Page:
College Success: Students Who Have Beaten the Odds

If you think college is out of your reach, think again. It doesn’t matter if you don’t have the grades, the money or the support of family, if you are willing to work hard, you can go to college. Students from lower economic backgrounds, returning military veterans and non-traditional students from all walks of life have succeeded despite the odds against them. They not only got into college, but excelled. Here are a few of their stories.

Going Back to School

Years ago, when she was in nursing school, Dana Hainer got a call that changed her life. She and her husband learned that they were approved for adoption. Dana dropped out of school to care for their newly adopted family member, who had multiple medical issues. As time passed, Dana’s situation changed. Her son grew up and Dana and her husband divorced. Determined to find the right school to fit her non-traditional circumstances, Dana entered the nursing program at Rasmussen College. The one-on-one attention she received enabled her complete the program in 2013 and rapidly re-enter the workforce.

It’s Never Too Late

Michael Hurley, a 65-year-old police officer in Texas, earned a bachelor’s degree in Criminal Justice by taking classes after work. While taking classes he dealt with brain tumor surgery and hurricane damage to his home. Through it all, he kept up with his studies. He obtained his degree in 2008. His four-year degree resulted in an automatic pay raise and opened up teaching opportunities at San Jacinto College. Hurley says, “Old men need their education, too.”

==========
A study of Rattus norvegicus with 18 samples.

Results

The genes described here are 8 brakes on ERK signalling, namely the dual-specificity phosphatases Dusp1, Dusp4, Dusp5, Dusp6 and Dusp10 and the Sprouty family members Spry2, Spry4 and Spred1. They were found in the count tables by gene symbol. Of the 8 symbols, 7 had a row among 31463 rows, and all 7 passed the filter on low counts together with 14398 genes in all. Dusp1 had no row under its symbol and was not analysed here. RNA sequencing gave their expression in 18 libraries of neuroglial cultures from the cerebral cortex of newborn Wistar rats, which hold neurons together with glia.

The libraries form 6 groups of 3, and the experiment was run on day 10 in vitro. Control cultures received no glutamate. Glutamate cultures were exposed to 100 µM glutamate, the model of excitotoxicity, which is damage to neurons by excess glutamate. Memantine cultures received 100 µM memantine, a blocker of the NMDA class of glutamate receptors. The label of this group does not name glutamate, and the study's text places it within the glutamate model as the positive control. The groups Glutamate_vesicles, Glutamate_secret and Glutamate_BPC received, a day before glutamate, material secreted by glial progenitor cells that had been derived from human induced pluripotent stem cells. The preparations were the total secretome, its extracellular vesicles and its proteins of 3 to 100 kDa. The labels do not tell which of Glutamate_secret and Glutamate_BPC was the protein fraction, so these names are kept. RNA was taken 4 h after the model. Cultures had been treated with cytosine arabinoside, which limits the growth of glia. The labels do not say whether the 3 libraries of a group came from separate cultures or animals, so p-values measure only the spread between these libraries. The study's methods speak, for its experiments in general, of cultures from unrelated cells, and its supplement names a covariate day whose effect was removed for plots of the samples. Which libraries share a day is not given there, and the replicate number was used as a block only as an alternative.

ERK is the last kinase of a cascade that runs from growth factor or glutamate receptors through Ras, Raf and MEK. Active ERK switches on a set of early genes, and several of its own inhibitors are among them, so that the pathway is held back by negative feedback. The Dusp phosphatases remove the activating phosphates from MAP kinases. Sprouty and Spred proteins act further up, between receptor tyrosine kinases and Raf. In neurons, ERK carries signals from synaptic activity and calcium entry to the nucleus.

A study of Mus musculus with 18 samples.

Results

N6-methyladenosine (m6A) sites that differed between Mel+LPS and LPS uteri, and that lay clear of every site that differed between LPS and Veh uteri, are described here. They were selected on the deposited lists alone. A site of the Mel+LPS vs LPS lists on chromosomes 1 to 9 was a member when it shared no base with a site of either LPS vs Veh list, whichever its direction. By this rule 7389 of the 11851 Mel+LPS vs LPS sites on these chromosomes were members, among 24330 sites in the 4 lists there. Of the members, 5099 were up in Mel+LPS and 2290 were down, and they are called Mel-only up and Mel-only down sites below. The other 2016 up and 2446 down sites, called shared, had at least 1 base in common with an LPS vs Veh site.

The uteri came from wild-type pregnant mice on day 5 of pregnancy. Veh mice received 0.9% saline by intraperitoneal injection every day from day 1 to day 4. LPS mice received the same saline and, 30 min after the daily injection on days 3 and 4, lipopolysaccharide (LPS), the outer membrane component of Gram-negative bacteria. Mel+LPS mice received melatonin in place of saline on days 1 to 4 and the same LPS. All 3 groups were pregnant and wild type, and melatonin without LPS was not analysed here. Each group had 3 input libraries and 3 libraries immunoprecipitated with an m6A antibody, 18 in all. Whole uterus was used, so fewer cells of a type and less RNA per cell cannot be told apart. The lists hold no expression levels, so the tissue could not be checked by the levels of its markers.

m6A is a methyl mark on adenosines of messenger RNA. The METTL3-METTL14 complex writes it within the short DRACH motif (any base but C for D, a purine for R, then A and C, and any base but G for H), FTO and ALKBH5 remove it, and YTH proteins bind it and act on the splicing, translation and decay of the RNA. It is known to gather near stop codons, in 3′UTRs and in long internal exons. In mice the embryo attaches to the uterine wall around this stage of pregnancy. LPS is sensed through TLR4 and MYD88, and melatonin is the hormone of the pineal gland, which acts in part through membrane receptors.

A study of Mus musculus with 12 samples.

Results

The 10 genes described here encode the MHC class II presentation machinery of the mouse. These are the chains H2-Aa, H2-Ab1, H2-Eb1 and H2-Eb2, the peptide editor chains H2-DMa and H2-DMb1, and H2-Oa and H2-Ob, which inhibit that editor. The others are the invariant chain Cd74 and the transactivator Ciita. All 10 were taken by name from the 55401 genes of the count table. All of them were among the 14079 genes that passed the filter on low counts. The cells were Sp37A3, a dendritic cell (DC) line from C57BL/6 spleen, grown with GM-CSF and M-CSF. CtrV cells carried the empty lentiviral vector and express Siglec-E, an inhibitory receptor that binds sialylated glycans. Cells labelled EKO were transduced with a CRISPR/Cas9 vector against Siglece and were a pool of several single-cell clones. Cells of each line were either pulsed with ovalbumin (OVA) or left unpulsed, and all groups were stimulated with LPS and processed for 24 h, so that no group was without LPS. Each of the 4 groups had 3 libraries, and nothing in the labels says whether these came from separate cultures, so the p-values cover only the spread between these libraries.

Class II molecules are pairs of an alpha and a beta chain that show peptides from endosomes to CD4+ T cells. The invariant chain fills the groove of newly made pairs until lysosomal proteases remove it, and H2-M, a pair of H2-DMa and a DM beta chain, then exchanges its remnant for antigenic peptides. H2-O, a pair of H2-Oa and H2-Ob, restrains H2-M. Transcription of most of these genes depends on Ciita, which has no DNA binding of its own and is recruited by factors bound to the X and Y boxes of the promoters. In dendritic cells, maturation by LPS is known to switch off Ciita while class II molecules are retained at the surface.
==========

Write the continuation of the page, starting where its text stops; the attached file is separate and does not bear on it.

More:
When There’s the Will, There’s a Way

Students in underserved communities have a tough time getting the grades and skills they need to get into college. Many communities offer intermediary programs that help students whose home situations are unstable. Anthony is a case in point. He was placed in the foster system when he nine and became homeless at age 15. Falling far behind academically, Anthony enrolled in the Gateway to College program that serves kids 16 to 21 years of age who have dropped out of school or are significantly behind their peers. The program gets them back on the path to academic success with the ultimate goal of earning a college degree. Since his enrollment, Anthony has earned over 100 high school credits, 25 college units and more than doubled his GPA. He graduated in the fall of 2012 and is currently studying at a community college with plans to transfer to a four-year institution.

The people in these success stories have one thing in common. They each sought out programs and support systems that enabled them to succeed. Programs like Gateway to College and Educational Justice in Louisville, Kentucky, are designed to help disadvantaged young people succeed. Non-traditional students find what they need by enrolling in the school program that fits their needs, family obligations, goals and personal circumstances. Many communities have programs in place to help you get into college, no matter what your situation. You just have to look.